Ed Miliband MP announced at the Labour Party conference that an incoming Labour Government would legislate to impose an energy price freeze until January 2017.
During that period, reforms would be introduced to increase competition and transparency in the market, while the price freeze would save a typical household £120 and an average business £1,800 over the 20-month period, according to the party.
In an open letter to the energy companies, Miliband called on them to be “part of the solution, not part of the problem” in making the energy market work in the future.
He wrote of restoring public trust in the energy providers and building a market that delivers for consumers and underpins the investment in future clean energy capacity. He proposed legislating to build competition and transparency into the market, with a trusted regulator standing behind the system, and freezing prices until the new system is in place.
But energy firms, business groups and coalition ministers have warned the plan could put future supplies at risk.
Andrew Eastwell, chief executive officer of BSRIA, explained that this choice of policy could in fact prevent much needed investment and regeneration of the UK’s energy capacity and result in a greater likelihood of brown or blackouts.
“Which investor is going to put up the millions needed for both renewable and conventional plant when the return on that investment has effectively been politicised and put into the hands of a new, unknown body?” he said.
“Ofgem has already sounded serious warning bells about the UK’s generating margin falling from about 14% to sub 4% levels around 2016,” Eastwell explained. “This is hardly an outcome that will increase the efficiency of industry and the generation of wealth and jobs.”
Energy & Climate Change Secretary Edward Davey said: “Everyone wants to help with the cost of rising bills but we need to be sensible. Government price-fixing jeopardises investment in new power stations, making power cuts a real possibility. It also puts at risk Britain’s transition to a clean, green, low carbon future.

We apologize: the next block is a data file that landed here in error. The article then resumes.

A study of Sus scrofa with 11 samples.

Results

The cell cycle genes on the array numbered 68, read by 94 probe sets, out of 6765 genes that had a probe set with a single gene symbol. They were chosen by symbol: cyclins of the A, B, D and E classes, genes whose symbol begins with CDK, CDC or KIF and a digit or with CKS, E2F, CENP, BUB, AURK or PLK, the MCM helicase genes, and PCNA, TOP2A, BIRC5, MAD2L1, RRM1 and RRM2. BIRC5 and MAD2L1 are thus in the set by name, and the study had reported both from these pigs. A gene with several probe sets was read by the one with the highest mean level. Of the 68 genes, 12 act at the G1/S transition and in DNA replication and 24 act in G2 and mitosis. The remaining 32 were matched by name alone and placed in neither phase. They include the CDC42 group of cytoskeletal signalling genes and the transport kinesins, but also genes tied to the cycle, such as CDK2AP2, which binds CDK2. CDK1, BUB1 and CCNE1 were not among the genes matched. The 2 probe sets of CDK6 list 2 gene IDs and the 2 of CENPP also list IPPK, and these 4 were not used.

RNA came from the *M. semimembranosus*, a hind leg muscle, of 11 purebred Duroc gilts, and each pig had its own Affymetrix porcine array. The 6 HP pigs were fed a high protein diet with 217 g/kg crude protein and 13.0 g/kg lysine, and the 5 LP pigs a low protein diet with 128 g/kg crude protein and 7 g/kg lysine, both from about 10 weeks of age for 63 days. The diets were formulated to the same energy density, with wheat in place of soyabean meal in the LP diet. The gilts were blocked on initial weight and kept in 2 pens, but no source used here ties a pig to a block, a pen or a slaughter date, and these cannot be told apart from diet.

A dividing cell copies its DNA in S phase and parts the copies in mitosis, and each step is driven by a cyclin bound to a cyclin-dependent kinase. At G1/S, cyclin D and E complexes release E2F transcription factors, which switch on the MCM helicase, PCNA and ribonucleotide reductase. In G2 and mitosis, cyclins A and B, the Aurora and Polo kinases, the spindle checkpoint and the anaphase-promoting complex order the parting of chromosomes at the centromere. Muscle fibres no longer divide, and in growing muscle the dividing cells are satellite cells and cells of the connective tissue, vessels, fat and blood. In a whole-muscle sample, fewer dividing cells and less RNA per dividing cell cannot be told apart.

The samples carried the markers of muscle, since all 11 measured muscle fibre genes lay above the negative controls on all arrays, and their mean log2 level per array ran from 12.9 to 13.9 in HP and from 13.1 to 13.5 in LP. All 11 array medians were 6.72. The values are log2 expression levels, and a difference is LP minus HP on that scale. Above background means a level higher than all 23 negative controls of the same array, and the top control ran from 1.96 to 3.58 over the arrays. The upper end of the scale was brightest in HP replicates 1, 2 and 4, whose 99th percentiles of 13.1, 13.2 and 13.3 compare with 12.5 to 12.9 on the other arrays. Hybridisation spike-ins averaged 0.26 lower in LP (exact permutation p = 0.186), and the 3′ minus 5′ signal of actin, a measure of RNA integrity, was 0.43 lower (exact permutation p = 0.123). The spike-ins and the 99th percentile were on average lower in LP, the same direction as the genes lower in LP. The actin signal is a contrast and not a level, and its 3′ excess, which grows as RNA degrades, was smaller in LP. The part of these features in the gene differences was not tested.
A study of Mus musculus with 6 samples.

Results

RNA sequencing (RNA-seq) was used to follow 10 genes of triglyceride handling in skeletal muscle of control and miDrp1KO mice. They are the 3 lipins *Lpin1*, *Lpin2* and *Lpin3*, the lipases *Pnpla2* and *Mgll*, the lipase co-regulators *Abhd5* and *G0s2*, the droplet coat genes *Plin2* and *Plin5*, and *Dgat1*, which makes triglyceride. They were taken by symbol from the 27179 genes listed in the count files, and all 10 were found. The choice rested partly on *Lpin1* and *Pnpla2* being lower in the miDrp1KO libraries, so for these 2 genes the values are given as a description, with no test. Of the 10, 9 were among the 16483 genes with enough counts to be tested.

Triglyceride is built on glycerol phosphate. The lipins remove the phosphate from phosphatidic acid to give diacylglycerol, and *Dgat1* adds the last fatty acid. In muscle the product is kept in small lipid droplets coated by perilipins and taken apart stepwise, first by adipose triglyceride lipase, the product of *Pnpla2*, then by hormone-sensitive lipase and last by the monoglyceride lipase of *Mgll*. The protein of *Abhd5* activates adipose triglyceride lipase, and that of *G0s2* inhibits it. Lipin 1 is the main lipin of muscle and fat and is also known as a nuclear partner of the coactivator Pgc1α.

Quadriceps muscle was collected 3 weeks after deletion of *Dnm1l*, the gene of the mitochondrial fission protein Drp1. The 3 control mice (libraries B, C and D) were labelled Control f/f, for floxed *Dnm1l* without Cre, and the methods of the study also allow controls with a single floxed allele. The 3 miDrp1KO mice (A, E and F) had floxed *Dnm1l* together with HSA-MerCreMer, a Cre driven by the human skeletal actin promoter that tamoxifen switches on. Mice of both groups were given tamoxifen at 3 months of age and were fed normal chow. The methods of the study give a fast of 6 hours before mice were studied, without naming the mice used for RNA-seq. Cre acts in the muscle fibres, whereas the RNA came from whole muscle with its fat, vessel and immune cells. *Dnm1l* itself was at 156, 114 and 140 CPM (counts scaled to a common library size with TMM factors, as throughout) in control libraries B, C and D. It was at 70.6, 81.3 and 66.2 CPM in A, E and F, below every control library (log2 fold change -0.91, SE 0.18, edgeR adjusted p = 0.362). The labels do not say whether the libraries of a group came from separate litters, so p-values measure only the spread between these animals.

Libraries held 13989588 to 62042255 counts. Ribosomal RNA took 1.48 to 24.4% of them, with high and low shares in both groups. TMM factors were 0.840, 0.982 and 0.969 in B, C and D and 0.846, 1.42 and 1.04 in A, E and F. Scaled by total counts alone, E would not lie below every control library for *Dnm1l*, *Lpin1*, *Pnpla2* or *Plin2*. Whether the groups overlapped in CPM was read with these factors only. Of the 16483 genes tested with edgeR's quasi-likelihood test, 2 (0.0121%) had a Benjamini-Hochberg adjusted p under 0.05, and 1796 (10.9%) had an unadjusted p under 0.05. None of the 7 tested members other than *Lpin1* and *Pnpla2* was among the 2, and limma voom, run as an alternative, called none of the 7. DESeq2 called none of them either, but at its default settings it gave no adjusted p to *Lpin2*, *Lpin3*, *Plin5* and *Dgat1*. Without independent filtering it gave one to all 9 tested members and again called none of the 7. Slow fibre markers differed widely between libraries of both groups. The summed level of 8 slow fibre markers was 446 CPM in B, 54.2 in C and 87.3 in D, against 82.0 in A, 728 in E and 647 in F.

“The best way to keep everyone’s bills down is to help people to save energy, ensure fair tariffs and encourage competition. That is exactly what the government is doing.”
The Department for Energy & Climate Change argued that energy companies would likely increase their assessment of political risk in the UK, which could put prices up both in the near term and the longer term.
Prices may rise before the freeze comes in as companies need to ensure they can maintain viability for its possible duration and be robust to potential rises in their costs over the period.
Suppliers could also need to raise their prices significantly at the end of the price freeze to compensate for lost revenue during the freeze period.
Competition in the market could be reduced, as small suppliers will find it more difficult to manage unpredictable hikes in wholesale prices or increases to network and distribution charges if they are unable to increase their prices.
The proposals have sparked fierce debate among MPs and industry experts, with shares in British Gas owner Centrica and rival company SSE falling by 5% yesterday as the market continues to react to Miliband’s pledge.